The rise of automation, along with tariffs and the trade war between China and the U.S., has led to a “tectonic shift in global supply chains,” according to Bank of America’s global research team.
The team surveyed analysts working on over 3,000 companies from Bank of American Securities, and this survey was later obtained by Axios. It shows that in 12 global sectors, about four-in-five companies that account for $22 trillion of market capitalization in North American, Europe and Asia-Pacific, with the exception of China, already have "implemented or announced plans to shift at least a portion of their supply chains from current locations." Axios notes that Bank of America put emphasis on the words “at least.”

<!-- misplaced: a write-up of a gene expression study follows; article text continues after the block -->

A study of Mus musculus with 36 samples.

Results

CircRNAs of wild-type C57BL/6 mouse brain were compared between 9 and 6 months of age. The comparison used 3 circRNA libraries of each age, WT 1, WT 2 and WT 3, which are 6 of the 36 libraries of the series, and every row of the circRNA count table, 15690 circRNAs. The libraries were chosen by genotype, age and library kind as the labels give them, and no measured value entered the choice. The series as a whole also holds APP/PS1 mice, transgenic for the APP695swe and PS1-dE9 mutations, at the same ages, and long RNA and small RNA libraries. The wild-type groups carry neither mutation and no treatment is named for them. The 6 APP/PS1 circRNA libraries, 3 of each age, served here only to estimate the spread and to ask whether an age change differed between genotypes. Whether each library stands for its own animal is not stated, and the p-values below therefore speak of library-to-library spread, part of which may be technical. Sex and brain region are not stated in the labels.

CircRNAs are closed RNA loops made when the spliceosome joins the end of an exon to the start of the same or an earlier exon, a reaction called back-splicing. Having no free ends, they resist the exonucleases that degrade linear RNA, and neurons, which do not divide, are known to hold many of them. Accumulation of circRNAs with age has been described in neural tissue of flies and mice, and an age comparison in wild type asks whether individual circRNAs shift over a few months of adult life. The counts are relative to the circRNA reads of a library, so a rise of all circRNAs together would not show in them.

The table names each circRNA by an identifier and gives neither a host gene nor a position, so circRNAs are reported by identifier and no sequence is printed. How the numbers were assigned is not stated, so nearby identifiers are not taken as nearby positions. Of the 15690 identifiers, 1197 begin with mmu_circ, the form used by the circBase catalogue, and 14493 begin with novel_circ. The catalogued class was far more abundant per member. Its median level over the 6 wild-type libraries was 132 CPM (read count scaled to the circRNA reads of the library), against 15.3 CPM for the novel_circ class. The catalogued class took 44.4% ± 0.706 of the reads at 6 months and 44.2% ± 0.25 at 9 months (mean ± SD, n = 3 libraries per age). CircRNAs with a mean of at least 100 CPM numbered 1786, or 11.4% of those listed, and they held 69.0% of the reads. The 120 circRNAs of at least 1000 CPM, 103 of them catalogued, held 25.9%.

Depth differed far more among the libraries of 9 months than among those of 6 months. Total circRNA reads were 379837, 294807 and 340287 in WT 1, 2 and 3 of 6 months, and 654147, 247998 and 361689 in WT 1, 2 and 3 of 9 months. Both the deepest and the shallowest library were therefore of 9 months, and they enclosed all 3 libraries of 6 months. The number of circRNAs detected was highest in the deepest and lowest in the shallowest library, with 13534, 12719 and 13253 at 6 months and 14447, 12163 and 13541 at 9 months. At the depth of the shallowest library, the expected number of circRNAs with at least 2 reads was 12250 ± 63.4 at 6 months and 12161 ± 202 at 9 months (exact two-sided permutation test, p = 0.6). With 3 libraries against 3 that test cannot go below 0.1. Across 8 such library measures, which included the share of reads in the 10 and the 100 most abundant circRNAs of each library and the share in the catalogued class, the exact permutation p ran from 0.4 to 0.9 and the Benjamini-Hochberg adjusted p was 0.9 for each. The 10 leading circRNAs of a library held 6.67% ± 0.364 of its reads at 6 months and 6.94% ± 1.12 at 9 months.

More than 90% of respondents said that automation was a key reason for moving supply chains, because it’s made the benefits of outsourcing work to other countries less cost effective. Companies also have grown more concerned about national security and environmental, social and governance, or ESG, "concerns of high carbon footprints associated with long supply chains and potentially problematic employment practices."
The report found that although many companies were looking into new locations in Southeast Asia and India, those in about half of all the global sectors in North America have stated that they intend to “reshore” their business.
"This was particularly true for high-tech sectors and industries for which energy is a key input. If borne out, this could represent the first reversal in a multi-decade trend," the Bank of America global research team added in a note.